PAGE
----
News this weekend that the President of Malawi pardoned a queer couple who had been sentenced to 14 years hard labour for “gross indecency and unnatural acts” after a visit by United Nations Secretary General Ban Ki-Moon was welcomed by human rights advocates everywhere. On Parliament Hill, there was positive reaction to the news as well.
“It clearly shows that international pressure on human rights issues is effective,” says Liberal MP Rob Oliphant. “Countries should stand up for the rights of gay and lesbian people around the world, and we do have an effect. Whether we do that multi-laterally or bi-laterally, either way it’s important for Canada and other countries who have a strong human rights record to make suggestions and comments to other countries because they do eventually change their practices.”
The President of Malawi pardoned the couple on compassionate grounds, but indicated he wasn’t changing his position on homosexuality.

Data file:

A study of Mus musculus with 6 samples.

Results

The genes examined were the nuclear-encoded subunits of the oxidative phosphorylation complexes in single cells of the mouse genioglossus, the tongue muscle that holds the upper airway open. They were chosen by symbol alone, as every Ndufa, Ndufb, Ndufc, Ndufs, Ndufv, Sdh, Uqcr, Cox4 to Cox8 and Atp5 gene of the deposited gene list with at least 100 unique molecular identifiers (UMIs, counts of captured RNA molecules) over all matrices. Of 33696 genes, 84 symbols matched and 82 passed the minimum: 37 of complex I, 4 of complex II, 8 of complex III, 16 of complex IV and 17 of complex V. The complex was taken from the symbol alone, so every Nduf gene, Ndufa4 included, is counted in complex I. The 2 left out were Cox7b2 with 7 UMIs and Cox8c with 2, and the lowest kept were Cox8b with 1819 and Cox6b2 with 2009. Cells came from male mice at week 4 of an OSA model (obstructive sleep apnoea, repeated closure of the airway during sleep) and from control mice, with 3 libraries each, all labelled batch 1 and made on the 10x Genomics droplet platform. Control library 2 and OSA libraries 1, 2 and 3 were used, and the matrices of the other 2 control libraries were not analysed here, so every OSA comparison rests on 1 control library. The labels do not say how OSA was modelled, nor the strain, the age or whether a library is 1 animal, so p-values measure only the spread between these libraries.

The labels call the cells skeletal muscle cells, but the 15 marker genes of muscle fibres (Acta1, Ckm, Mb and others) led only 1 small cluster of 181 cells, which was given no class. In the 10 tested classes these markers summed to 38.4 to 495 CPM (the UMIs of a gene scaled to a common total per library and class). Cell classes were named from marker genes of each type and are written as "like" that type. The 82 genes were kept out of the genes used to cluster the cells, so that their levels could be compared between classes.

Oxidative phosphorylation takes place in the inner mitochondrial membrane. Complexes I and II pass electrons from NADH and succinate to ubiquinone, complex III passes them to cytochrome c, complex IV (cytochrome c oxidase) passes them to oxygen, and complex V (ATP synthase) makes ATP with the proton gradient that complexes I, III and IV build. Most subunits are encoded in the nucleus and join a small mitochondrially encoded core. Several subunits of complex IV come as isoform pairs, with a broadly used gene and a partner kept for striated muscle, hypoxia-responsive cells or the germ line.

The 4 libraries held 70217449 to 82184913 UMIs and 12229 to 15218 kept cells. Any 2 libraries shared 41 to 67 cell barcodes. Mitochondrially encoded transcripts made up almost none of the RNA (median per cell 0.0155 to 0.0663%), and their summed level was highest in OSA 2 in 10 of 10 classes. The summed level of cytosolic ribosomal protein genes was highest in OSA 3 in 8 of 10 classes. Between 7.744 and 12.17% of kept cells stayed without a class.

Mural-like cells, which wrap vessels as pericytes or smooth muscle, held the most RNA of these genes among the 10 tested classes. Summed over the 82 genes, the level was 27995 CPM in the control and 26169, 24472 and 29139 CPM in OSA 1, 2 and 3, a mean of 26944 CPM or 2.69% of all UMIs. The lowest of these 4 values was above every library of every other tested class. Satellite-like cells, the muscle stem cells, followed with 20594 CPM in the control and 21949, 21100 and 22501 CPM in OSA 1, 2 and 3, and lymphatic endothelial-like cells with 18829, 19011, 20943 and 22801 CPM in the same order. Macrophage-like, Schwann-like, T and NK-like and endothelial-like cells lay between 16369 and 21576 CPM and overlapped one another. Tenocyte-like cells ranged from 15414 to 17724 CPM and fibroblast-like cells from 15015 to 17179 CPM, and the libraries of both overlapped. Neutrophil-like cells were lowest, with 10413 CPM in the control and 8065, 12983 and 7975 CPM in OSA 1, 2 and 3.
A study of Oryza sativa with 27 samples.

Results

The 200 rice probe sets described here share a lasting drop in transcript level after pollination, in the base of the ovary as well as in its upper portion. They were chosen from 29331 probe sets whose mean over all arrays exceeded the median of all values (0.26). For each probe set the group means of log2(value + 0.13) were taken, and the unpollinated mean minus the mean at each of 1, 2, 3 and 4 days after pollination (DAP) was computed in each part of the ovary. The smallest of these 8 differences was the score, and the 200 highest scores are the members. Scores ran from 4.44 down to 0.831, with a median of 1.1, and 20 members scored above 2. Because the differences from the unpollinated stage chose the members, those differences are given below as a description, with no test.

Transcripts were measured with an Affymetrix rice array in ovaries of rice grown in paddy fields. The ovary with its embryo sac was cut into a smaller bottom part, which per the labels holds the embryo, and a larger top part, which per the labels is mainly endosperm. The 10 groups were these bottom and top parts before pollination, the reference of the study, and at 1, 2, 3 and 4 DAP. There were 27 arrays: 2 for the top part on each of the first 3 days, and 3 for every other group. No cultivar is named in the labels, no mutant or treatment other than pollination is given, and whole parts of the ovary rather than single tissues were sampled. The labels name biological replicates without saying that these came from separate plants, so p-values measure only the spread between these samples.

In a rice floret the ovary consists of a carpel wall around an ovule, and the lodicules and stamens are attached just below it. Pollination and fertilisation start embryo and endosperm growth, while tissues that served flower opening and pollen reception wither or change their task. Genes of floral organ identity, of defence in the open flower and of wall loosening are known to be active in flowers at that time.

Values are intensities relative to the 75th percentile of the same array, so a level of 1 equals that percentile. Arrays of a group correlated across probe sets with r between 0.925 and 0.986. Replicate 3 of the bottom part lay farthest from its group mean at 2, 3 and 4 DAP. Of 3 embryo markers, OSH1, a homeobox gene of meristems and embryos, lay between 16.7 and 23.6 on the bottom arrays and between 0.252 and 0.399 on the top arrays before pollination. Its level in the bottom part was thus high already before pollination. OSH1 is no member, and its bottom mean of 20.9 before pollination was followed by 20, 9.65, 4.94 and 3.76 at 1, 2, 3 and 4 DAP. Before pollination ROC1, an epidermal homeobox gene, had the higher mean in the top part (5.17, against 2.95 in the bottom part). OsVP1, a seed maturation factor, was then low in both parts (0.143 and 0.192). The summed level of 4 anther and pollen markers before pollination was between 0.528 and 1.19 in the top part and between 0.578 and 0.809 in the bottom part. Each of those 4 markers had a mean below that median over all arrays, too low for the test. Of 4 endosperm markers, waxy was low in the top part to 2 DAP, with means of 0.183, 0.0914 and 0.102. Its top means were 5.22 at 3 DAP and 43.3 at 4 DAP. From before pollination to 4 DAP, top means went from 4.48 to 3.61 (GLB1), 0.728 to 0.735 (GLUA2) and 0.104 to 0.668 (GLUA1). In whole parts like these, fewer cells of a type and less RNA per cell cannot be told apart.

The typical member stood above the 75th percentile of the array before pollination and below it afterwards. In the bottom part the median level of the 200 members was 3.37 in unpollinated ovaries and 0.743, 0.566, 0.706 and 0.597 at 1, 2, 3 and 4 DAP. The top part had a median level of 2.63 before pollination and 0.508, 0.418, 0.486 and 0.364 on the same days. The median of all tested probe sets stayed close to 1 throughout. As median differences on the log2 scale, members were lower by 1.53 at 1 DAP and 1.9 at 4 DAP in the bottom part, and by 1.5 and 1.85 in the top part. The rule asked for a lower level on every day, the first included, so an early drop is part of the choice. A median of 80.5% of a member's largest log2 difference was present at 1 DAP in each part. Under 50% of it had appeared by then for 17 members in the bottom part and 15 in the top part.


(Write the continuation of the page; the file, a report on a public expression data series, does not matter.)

“It’s a positive step, and it’s certainly better than the alternative,” says NDP MP Bill Siksay. “It shows that international pressure has had influence on the government of Malawi. Canada participated in that pressure, and I was glad to see that the President took that step.”
“The UN has been very clear on issues relating to discrimination and oppression based on sexual orientation, and I’m glad that the Secretary General personally intervened,” Siksay adds. “I think that we need to keep raising it, pushing countries about their anti-gay criminal law, pushing them about their lack of explicit human rights protection. We know that it takes some countries a while to do that. It took us a while to do that, so we should remember that we also went through a long process of getting to where we are today on these issues, and encouraging other countries to take those same kinds of steps. I don’t think there’s anything that is exclusive about our progress on those issues, that isn’t transferrable or doesn’t apply to other countries and other cultural settings.”